John Hiatt wins two songwriting awards


A recent Los Angeles Times article describing John Hiatt as an “Illinois native” draws a chuckle from the singer-songwriter.

“Illinois, Indiana, a state that starts with the letter I,” Hiatt jokes, “pretty much all the same I guess. But I’m very proud of my Indiana roots. Once a Hoosier always a Hoosier!”

Hiatt left Indianapolis in 1970 and moved to Nashville to pursue a career in the music business. Thirty-four years and countless songs later, Hiatt has become one of the business’ most respected singer/songwriter/musicians, and is being recognized by two Nashville-area organizations for his work.

On October 26, Hiatt will be inducted into the Nashville Songwriters Hall of Fame, with Matraca Berg and Tom Shapiro. Last month, Hiatt received the Lifetime Achievement for Songwriting Award from the Americana Music Association during their seventh annual Honors and Awards program at the Ryman Auditorium in Nashville.

“Like their predecessors, Matraca, Tom and John have made meaningful and lasting contributions to the music world and deserve to take their places in the Hall of Fame,” says Roger Murrah, chairman of the Nashville Songwriters Hall of Fame Foundation. “We’re delighted to recognize them for their accomplishments.”

“It’s a privilege to honor John Hiatt,” says Jed Hilly, Executive Director of the Americana Music Association. “He is the essence of what the Americana Songwriter award is all about; a true artist, a performer and songwriter whose work is steeped with integrity.”

For Hiatt, such recognition is something he admits he’s still getting used to.

“These are the first two such awards for me,” Hiatt says. “When I was told about the Americana award I was pretty excited. My first thought was ‘that’s some pretty tall cotton.’”

Even though he is a Hoosier by birth, Hiatt says he loves his adopted hometown.

“I love Nashville. I spent almost eight years in L.A., only to return to Nashville in ’85. When I came back to Nashville, the city had really grown. And I knew I had changed during that time too.”

Hiatt moved to a very different Nashville in 1970. “Nashville was a smaller kind of city back then, and the music industry was much smaller then too.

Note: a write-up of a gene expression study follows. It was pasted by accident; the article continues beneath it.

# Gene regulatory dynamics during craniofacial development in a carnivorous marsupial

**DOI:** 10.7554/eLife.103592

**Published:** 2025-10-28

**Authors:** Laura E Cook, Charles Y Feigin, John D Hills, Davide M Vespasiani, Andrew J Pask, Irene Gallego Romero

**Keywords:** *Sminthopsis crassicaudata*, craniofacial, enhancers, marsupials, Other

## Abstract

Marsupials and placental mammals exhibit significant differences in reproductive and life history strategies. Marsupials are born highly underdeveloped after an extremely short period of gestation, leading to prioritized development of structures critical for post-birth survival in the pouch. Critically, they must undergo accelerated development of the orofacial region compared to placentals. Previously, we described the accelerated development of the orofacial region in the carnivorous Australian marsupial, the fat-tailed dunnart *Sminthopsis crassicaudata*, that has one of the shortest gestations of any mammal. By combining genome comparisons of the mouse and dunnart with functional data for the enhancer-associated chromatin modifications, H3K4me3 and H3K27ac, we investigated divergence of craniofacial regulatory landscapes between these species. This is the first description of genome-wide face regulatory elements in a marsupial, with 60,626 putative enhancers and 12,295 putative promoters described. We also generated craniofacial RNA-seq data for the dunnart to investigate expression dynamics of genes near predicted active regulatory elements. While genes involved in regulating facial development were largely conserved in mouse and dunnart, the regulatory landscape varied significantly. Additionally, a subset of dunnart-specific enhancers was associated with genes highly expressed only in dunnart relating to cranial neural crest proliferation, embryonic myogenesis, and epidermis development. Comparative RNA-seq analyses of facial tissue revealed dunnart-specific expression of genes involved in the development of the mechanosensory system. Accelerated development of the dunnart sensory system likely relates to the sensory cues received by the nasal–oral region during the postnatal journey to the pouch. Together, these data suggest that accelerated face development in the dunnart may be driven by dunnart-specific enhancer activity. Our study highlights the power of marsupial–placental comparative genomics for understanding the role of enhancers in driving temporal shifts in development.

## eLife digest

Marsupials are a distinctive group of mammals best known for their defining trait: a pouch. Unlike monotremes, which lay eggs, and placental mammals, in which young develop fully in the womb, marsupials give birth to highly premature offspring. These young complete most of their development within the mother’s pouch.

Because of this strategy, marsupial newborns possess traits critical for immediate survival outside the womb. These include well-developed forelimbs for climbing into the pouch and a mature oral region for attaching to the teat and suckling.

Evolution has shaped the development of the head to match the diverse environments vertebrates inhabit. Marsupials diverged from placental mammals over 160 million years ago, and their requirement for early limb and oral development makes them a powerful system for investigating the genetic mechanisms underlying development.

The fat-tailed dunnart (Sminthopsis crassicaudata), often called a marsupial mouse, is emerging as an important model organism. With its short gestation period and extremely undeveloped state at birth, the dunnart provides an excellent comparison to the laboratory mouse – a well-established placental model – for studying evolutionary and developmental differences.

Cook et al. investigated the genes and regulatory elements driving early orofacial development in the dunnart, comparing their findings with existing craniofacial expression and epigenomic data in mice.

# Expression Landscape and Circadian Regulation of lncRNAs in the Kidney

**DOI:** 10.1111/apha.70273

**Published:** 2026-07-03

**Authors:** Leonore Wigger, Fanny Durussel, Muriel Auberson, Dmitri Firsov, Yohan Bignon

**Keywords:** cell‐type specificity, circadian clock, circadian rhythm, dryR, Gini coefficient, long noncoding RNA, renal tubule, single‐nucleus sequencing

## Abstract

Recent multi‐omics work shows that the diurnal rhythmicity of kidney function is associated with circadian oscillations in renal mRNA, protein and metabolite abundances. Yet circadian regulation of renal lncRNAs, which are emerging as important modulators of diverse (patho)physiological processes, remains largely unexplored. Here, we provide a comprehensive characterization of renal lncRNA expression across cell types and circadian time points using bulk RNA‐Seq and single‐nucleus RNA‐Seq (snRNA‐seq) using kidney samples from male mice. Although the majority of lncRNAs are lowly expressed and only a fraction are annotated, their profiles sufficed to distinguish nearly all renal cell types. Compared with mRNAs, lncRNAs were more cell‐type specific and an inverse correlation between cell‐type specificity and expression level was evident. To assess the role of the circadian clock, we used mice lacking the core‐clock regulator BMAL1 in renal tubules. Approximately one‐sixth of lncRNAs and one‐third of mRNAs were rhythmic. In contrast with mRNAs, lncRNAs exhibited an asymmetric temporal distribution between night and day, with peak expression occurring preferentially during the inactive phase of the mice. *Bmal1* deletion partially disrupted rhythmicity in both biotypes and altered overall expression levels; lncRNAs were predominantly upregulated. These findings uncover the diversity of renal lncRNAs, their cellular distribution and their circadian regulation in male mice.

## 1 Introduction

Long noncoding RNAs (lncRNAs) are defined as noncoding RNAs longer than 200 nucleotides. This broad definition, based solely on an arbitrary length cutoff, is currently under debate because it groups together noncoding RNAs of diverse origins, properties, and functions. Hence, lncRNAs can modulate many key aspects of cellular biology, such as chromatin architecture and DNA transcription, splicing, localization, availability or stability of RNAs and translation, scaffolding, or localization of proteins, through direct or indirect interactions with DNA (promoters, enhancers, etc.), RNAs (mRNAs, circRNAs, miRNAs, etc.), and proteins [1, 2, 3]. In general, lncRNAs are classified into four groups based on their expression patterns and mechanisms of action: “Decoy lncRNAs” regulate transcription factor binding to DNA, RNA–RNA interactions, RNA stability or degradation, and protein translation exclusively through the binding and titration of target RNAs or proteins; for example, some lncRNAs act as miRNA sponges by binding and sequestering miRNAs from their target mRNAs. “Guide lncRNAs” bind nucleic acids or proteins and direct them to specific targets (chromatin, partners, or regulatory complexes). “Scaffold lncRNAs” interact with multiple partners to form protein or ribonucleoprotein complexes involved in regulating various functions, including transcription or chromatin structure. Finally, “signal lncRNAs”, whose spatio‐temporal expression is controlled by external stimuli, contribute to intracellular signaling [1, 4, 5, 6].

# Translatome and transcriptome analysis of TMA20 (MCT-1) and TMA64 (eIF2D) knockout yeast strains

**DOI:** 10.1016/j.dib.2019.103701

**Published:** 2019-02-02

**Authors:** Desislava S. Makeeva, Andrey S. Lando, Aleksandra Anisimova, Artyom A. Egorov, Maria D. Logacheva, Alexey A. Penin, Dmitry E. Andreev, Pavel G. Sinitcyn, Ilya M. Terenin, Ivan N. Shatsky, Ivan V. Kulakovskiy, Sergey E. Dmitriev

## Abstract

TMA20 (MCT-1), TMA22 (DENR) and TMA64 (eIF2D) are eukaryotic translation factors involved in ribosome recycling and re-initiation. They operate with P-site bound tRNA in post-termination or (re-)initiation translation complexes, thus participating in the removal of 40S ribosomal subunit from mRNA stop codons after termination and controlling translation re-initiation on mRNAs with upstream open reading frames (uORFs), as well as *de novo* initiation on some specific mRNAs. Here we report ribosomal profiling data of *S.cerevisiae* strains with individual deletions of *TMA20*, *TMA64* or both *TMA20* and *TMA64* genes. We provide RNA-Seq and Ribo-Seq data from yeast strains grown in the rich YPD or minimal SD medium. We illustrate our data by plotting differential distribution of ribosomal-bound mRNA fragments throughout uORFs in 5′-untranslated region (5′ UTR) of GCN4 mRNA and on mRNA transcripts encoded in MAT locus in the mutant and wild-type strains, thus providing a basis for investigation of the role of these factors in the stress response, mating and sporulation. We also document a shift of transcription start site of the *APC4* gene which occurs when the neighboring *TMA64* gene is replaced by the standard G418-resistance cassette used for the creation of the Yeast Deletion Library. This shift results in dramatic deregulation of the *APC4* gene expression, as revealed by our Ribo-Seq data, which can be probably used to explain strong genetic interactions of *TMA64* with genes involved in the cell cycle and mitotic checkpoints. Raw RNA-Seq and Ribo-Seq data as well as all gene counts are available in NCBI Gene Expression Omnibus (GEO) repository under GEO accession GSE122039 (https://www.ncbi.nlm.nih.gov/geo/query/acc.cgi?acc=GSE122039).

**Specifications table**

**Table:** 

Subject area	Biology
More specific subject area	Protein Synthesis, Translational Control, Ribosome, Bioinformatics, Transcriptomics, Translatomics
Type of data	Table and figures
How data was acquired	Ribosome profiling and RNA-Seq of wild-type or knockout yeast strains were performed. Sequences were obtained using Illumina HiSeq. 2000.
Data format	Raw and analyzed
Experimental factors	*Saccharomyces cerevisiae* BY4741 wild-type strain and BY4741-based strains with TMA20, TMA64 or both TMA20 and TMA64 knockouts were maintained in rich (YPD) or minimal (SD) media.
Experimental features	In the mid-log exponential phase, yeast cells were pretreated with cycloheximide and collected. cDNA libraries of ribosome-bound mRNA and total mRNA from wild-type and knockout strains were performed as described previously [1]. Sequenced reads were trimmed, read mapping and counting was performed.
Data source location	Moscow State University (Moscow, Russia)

“All the major labels had offices here, but they were nowhere near as big as they are now. Music Row was a street lined with old houses. It was pretty accessible for an 18-year-old kid back then.”

Hiatt says that he still enjoys the process of writing songs, which for him usually means the music before the lyrics.

“It’s a rare occasion when the lyrics come first,” Hiatt points out. “I still try to write every day.

This past May Hiatt released Same Old Man, a collection of eleven original songs that he admits was not intended to be the “album of love songs” project one reviewer called it.

“Whatever,” Hiatt says about such reviews. “An album is made up of the best 10 or 11 songs I can come up with. I write some songs and then it’s, ‘OK, I can do an album now.’ The songs usually reflect whatever is happening in my life at the time. We had finally gotten rid of the last kid a few years ago, and that gave my wife and me a chance to rekindle our romance.”

On Same Old Man, Hiatt’s distinctive vocals stand out front and center, with backing from a group of very talented musicians: drummer Kenny Blevins, guitarist Luther Dickinson and bassist Patrick O’Hearne. The songs on the album are further proof of Hiatt’s ability to share his feelings with the listener in a well-crafted, plain-spoken manner.

One request that Hiatt made to the folks at New West Records was to issue a 180-gram vinyl record version of Same Old Man.

“We asked the label if they could do it,” Hiatt recalls. “I believe that there has always been an interest in vinyl records.”

Even after more than three decades of writing, recording and performing songs, Hiatt admits that when it comes to hearing one of his songs on the radio, “I’m more tickled when it’s my own version of one of my songs (laughs). Ever since I was a kid, one of my dreams was to be heard on the airwaves.”